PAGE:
Artificial Muscle Stronger Than the Real Thing
Scientists have created tiny artificial muscles, known as nanofibers, which are 200 times stronger than the real thing. Ray Baughman, a nanotechnology researcher at the University of Texas at Dallas, led the team that made the new muscle, which he sometimes calls a yarn because of the way it's woven. The muscles would work well in small medical devices, he said. In the farther future, artificial muscles could give robots more natural-looking facial expressions, Baughman said.
Scientists Discover Protein that Stimulates Bone Growth in Humans
U.S. scientists have discovered that a protein called Jagged-1 stimulates stem cells to differentiate into bone-producing cells. The findings, accepted for publication in the journal Stem Cells, suggest Jagged-1 could help both human and animal patients heal from bone fractures faster and may form the basis of treatments for a rare metabolic condition called Alagille syndrome. “It was remarkable to find that just putting the cells onto the Jagged-1 ligand seemed sufficient for driving the formation of bone-producing cells.” The practical medical applications of Jagged-1 are amazing in their own right, but isn’t it more fun to speculate about who’s going to be the first athlete to get his hands on this stuff and cause the Twitter servers to break?
Combination of High and Low Intensity Exercise Sessions Achieve Better Results than Moderate Exercises
For anyone who hasn’t heard the latest episode of Muscle College Radio where Dr. Layne Norton and Dr. Jake Wilson separate the facts from fiction when it comes to cardio, it’s a must listen. As it turns out, a recent study suggests that the main stream begin to embrace high intensity cardio over the traditional moderate or steady state variety. "Quantity and quality of training has provided a quandary for coaches and athletes for many years, but this study is the first of its kind to provide an answer to the problem," lead study Dr. Stuart Galloway said, according to a Medical Xpress report. "It is a case of training smarter," Dr. Galloway said. "We found in these cyclists that if you can make the hard sessions harder and the easy sessions easier then you will likely see better progress. Amateur athletes tend to spend a lot of their training in a moderate intensity bracket which in our study showed much smaller improvements.
Acupuncture May Improve Exercise Performance and Post Exercise Recovery
A recent article published in The Journal Alternative and Complimentary Medicine reviewed four studies designed to test whether a person receiving acupuncture while exercising would have enhanced exercise performance and/or recover more quickly from an exercise session. Researchers from The University of Sidney and The University of Sidney Western suggest that based on these four published studies, acupuncture may have a positive effect. They caution, however, that additional trials, with larger numbers of participants and randomized, controlled study designs, as well as standardized reporting of research methods and results, are needed to confirm and more thoroughly explore the effects of acupuncture on exercise performance and recovery. Is squatting with acupuncture needles sticking out of your ass the most practical thing to do? Probably not. Do I think that somewhere there’s someone who’s going to read that study and convince themselves that anything’s worth a shot if it’ll help them grow? Absolutely.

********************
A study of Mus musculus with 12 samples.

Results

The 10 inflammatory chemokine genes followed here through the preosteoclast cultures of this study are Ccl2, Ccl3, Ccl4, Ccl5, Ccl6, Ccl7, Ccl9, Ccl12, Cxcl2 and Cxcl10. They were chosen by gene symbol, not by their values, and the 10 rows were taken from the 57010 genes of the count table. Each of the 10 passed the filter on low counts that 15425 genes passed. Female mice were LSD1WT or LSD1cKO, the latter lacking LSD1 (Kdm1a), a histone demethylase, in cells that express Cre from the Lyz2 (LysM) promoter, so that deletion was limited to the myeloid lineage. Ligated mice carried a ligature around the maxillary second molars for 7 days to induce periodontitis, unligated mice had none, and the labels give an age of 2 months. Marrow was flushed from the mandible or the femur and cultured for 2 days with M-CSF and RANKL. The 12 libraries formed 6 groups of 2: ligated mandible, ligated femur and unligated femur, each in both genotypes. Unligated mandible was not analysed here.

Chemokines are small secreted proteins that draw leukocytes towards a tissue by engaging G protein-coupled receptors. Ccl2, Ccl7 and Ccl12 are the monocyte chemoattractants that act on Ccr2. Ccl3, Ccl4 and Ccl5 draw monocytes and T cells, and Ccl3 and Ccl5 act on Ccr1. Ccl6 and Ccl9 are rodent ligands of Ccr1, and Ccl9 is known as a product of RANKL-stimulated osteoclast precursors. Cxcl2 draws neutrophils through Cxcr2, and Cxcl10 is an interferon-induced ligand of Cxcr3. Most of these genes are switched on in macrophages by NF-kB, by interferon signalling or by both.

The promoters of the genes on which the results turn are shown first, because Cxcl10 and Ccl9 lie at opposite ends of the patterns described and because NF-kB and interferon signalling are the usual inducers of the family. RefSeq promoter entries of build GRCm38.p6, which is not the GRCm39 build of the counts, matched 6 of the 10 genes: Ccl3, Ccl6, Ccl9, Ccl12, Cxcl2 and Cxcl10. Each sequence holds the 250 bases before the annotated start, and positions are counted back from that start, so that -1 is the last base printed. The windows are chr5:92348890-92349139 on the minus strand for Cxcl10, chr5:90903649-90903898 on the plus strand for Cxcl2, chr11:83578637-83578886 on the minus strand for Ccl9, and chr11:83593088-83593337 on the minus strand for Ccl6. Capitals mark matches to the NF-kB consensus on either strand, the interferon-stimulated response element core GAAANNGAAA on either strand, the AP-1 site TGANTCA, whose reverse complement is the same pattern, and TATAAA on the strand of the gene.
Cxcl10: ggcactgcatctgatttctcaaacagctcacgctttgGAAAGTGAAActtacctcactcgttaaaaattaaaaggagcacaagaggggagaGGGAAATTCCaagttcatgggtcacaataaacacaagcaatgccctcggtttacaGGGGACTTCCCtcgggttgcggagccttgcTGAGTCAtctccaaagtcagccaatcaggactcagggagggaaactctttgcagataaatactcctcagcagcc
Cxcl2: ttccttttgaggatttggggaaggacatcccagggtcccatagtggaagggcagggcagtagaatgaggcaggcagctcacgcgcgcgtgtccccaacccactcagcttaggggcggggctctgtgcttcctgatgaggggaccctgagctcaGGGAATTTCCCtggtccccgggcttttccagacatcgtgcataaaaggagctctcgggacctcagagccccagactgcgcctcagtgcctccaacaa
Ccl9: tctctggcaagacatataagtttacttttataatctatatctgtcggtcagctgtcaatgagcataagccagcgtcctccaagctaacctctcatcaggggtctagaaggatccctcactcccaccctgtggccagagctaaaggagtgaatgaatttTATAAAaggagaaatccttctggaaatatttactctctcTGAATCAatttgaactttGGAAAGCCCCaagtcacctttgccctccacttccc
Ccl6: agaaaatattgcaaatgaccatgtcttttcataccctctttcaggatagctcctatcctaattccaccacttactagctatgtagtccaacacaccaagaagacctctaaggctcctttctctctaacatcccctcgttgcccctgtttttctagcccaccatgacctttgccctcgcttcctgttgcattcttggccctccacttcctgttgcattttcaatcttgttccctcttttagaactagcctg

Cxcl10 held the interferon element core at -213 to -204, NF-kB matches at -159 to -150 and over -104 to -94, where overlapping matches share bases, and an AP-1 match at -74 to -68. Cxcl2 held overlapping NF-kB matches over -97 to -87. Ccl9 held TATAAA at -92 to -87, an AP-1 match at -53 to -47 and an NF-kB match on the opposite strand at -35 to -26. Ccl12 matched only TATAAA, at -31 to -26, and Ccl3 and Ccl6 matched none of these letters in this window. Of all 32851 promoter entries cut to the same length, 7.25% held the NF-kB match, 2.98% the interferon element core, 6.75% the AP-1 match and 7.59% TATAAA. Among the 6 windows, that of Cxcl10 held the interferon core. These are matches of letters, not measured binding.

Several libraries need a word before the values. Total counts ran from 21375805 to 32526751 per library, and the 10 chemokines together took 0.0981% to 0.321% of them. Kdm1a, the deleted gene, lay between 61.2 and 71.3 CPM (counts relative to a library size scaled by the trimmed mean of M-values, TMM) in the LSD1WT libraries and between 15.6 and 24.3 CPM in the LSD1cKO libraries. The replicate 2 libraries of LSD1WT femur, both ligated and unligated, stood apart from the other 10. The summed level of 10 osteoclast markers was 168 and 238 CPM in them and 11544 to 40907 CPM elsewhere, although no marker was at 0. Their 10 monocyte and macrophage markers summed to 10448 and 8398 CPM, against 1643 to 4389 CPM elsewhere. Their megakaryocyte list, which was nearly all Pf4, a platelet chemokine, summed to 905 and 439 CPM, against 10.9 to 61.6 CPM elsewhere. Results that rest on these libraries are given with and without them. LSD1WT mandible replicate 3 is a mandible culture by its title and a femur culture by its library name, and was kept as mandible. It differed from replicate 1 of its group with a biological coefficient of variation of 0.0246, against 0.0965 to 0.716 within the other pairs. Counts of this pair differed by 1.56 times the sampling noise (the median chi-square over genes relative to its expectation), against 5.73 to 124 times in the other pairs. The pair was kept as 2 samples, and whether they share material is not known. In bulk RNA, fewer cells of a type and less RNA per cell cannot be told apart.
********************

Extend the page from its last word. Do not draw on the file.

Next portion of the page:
Does Exercise Improve Cognitive Performance?
A recent study was conducted to determine if exercise had any effect on cognitive performance. Researchers were able to determine that participants' physical fitness level has been shown to influence their cognitive performance and their HRV. In effect, regular physical activity (which results in an increased physical fitness level) produces an enhanced vagal tone, which may contribute in part to the lower resting heart rate and, consequently, to higher values of HRV as a result of physiological adaptations induced by training . On the other hand, regular exercise has been shown to elicit beneficial changes in brain structures and consequently, in cognitive performance –.